Six quick tips for shooting lightning


© Andrew Hall
© Andrew Hall

1. Keep your eye on the storm

Take a moment to really watch the storm and assess the lightning strike pattern and frequency.

Given the unpredictable nature of the subject, developing a shot list is difficult. But there are a number of storm tracking apps available that mean you can certainly come close.

These apps have been designed to alert you to when a storm is building and can help you track its path, maximising your chances of finding the best vantage point and getting a lightning strike in the frame.

© Andrew Hall
© Andrew Hall

2. Get your gear sorted

First up, make sure your kit is equipped with a decent tripod to achieve even shots.

A remote control for your shutter is a useful tool too. There are cameras out now, like the Fujifilm X Series, which allow you to control the camera from an app on your phone. Ideal if you’re taking a quick break from looking through the lens.

Most cameras are weather resistant but with the wild conditions of storm photography, having a waterproof bag with you for your gear is a good idea for added protection.

Another pro-tip? Take spare batteries with you. Shooting long exposure shots drain camera batteries faster than normal and there’s nothing worse than missing a spider snake across the sky due to this.

© Andrew Hall
© Andrew Hall

3. Pick your lens

Wide angle lenses are usually best for shooting storms - allowing you to capture a wider view of nature at play and therefore increasing the probability of capturing a strike in frame.

Wide angle lenses such as the FUJIFILM XF10-24 or the XF16-55mm are great because they allow you to compose the shot by taking in those all important foreground details, such as a coastal headland or city building.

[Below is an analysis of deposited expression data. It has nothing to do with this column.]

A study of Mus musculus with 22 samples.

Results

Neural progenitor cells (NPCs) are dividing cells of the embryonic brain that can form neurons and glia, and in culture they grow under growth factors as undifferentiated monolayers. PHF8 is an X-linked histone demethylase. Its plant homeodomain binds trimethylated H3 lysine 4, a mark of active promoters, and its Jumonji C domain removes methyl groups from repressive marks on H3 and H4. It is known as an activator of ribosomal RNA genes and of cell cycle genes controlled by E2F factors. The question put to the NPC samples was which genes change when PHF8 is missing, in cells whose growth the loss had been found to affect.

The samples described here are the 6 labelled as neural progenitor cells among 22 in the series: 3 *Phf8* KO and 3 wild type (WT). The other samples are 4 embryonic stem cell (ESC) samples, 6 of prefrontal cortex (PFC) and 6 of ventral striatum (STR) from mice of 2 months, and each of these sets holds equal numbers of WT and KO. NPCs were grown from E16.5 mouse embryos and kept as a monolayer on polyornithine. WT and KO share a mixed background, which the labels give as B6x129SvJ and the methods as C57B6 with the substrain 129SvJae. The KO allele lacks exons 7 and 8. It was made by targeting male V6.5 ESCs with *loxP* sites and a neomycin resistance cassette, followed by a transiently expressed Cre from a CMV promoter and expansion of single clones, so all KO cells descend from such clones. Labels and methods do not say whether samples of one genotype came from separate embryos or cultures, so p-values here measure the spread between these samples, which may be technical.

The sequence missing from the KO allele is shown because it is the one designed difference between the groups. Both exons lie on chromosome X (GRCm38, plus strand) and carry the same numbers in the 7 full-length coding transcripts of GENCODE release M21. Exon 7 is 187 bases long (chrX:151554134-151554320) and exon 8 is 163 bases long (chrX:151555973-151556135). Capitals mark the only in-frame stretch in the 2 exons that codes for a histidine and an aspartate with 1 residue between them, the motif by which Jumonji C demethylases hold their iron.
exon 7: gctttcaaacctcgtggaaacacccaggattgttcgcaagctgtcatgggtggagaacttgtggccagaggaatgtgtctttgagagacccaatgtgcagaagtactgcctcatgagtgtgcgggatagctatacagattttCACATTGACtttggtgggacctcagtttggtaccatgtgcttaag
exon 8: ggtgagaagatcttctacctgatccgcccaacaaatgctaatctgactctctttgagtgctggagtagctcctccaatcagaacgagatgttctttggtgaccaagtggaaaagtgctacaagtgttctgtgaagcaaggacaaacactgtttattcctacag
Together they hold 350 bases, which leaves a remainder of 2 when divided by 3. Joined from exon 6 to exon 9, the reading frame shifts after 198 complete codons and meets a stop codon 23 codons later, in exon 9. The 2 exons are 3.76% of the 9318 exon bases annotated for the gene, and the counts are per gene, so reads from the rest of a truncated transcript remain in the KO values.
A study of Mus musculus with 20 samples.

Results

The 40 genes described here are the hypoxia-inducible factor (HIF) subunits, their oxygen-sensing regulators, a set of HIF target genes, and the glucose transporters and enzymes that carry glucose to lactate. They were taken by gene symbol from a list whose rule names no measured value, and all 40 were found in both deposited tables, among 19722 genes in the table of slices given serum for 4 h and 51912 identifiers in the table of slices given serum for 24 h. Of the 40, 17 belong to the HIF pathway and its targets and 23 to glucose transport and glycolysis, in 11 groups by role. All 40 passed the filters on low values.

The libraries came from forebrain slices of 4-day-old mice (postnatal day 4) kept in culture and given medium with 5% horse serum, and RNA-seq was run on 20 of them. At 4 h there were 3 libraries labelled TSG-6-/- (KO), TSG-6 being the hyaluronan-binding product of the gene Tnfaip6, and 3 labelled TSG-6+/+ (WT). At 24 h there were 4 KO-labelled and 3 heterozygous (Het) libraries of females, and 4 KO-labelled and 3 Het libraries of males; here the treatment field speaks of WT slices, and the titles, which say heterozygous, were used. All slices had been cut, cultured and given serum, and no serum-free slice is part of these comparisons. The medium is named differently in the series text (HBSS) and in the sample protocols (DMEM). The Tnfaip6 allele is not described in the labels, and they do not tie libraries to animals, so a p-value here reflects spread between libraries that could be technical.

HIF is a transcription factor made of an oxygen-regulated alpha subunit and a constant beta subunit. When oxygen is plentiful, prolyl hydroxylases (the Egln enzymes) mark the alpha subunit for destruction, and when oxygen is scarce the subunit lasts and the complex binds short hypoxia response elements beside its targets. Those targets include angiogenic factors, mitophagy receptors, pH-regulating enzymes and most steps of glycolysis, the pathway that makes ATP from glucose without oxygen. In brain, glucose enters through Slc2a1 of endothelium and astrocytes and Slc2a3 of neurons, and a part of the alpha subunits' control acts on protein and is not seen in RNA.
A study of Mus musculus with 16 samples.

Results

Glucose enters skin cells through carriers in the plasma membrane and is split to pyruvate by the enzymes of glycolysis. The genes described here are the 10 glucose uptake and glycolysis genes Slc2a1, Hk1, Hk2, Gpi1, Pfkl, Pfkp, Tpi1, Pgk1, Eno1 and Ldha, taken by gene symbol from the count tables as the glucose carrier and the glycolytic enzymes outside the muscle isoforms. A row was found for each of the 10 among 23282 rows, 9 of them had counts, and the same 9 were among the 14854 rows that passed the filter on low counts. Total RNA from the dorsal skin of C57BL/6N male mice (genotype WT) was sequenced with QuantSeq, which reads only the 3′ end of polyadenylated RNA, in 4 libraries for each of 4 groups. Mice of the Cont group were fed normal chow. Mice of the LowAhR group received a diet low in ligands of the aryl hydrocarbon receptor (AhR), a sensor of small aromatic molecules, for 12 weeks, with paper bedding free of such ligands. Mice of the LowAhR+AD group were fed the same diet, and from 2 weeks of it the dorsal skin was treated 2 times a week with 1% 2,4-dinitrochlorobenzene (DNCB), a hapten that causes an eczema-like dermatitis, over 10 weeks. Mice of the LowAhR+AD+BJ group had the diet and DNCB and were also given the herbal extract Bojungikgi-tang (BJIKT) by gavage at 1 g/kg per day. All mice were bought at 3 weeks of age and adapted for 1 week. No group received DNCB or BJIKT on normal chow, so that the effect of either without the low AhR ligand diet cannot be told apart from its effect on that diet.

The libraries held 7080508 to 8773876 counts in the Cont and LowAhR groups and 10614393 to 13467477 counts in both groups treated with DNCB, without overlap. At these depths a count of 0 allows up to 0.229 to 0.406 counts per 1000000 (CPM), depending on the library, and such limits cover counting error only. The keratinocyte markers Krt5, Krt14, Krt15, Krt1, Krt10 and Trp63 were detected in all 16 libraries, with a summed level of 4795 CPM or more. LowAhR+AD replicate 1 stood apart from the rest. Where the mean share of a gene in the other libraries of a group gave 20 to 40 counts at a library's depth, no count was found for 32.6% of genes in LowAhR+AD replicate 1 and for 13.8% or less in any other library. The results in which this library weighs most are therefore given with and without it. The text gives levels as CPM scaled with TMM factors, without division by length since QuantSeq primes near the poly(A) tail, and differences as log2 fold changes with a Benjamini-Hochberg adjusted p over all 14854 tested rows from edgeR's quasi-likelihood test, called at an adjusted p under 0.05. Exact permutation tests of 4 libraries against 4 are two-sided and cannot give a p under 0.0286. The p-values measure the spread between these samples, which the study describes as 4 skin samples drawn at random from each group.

© Andrew Hall
© Andrew Hall

4. Shot composition

When setting up the framing of your shot it always helps to have a secondary subject in the foreground of the image. This gives perspective of the strike and creates a more impactful shot. Think coastal headland, city building or a tree scape. There are plenty of options in and around most locations in Australia, so take a look and get creative!

5. Set the shutter

Shutter speed determines how long the shutter remains open to expose your image. As lightning is generally photographed at night, a longer shutter speed is necessary to best expose the scene.

It goes without saying that lightning moves fast. Given this, leaving the shutter open for anywhere from 10 seconds to a minute will guarantee that any bursts get captured during that long exposure. If you’re lucky and if the storm is intense enough, you could even capture multiple strikes in one exposure.

If the storm is during daylight hours or at sunset, it can be tricky to set the shutter without overexposing the image. A neutral density filter can help overcome this issue if you’re really keen on capturing a storm during the day.

6. Stay safe

Most importantly, make sure you remain safe and don’t get too close to the storm itself.

You can always tell a safe distance by using weather apps or go old school; when the air starts cracking with static electricity it’s probably time to move on. There’ll always be another storm to photograph over the season.

This post is courtesy of Fujifilm and has been republished with permission. You can see more of Andrew's images here.